Humans have been enjoying alcohol for thousands of years in a variety of forms, but one aspect has always remained constant: it was liquid. Inventor Mark Phillips has created a product that could revolutionize what we think about cocktails and gives a whole new meaning to ‘dry martini’: powdered alcohol.
The product, called Palcohol, has just gained approval from the U.S. Alcohol and Tobacco Tax and Trade Bureau (TTB). (See update at the bottom)
To turn Palcohol into your favorite adult beverage, you just add the powdered alcohol (which comes in a package sort of like a sugar packet) to five ounces of water. It currently comes in six varieties: rum, vodka, cosmopolitan, mojito, margarita, and lemon drop. Swapping out the water for a different mixer (such as soda or juice) can personalize the drink to suit an individual’s taste preference.
Many are excited because Palcohol could be discretely brought in to places where liquor is not available or exorbitantly priced, such as sporting events, concerts, movie theaters, airplanes, cruise ships, and the like. However, it is for this precise reason that many are opposing its availability.
One of the first questions to be brought up regarding the product was if it could be snorted. The short answer is yes, but it’s a terrible idea. The Palcohol website says this about snorting: “We have seen comments about goofballs wanting to snort it. Don't do it! It is not a responsible or smart way to use the product. To take precautions against this action, we've added volume to the powder so it would take more than a half of a cup of powder to get the equivalent of one drink up your nose. You would feel a lot of pain for very little gain. Just use it the right way.”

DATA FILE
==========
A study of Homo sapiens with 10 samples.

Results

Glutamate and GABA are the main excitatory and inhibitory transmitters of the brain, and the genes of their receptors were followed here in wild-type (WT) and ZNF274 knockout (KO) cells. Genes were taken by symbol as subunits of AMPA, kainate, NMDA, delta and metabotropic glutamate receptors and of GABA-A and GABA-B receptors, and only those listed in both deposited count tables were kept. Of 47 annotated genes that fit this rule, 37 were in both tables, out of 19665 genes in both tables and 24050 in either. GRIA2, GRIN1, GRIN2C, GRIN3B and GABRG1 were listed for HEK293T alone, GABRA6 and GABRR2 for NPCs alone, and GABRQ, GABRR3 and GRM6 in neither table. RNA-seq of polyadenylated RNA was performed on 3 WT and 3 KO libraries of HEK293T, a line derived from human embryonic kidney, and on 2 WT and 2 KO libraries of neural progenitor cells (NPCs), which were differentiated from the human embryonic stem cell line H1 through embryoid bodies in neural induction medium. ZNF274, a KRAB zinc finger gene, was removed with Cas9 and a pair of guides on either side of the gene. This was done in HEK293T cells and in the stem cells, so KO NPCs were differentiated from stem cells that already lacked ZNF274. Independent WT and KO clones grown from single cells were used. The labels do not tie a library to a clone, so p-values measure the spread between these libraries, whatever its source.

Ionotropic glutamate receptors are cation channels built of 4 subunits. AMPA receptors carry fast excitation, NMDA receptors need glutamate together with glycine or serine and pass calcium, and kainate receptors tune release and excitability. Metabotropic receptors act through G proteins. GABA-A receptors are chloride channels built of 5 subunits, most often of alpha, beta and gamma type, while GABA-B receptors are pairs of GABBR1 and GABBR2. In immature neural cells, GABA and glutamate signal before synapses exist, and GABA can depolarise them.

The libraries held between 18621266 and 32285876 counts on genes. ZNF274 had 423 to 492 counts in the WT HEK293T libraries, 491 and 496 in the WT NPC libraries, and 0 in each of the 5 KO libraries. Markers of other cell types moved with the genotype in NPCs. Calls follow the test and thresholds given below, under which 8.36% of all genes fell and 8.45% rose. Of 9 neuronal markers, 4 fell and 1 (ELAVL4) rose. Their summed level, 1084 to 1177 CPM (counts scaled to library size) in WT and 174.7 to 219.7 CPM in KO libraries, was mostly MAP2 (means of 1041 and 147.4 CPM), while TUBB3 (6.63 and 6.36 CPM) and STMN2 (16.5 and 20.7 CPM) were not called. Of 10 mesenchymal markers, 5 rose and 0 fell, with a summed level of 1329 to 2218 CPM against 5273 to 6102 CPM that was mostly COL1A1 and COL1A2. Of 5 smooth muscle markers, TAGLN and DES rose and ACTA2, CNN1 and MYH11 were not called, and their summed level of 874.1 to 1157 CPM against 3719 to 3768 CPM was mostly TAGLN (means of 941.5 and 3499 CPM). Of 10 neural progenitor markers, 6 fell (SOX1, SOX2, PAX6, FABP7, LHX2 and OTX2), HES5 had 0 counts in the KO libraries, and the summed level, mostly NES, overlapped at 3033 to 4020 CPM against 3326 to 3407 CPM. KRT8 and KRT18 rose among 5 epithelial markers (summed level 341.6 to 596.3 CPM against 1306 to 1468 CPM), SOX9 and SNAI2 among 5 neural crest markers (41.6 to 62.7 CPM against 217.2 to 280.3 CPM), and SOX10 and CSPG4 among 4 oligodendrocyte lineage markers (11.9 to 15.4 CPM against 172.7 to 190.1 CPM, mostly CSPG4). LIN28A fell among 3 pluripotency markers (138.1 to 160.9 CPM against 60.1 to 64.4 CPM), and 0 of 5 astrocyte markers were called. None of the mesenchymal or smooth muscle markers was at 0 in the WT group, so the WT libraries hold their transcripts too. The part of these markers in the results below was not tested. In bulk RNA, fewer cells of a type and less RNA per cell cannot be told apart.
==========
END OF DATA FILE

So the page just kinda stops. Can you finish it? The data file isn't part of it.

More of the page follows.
Despite approval from the TTB, there are many obstacles Palcohol faces before it shows up on store shelves, as each state must also approve the sale of powdered alcohol. Even if it is perfectly legal, retailers and wholesalers will also need to support its sale. It is almost certain that those who oppose it will be putting considerable pressure on them to oppose it, so there’s no telling how everything will play out. Despite the legal uncertainty, the minds behind Palcohol are still planning for a fall availability. There are no current predictions on how much the product will cost.
Update 4/21/2014 5:45 PDT: It has now come to light that Palcohol received approval for their label, not the product. A representative for the federal bureau said that the approval was made in error, though details were not provided about how the error occurred. Palcohol creator Mark Phillips was not available for comment, but agreed to surrender the approvals this afternoon. Phillips will likely re-evaluate the situation and try for approval on his labels again.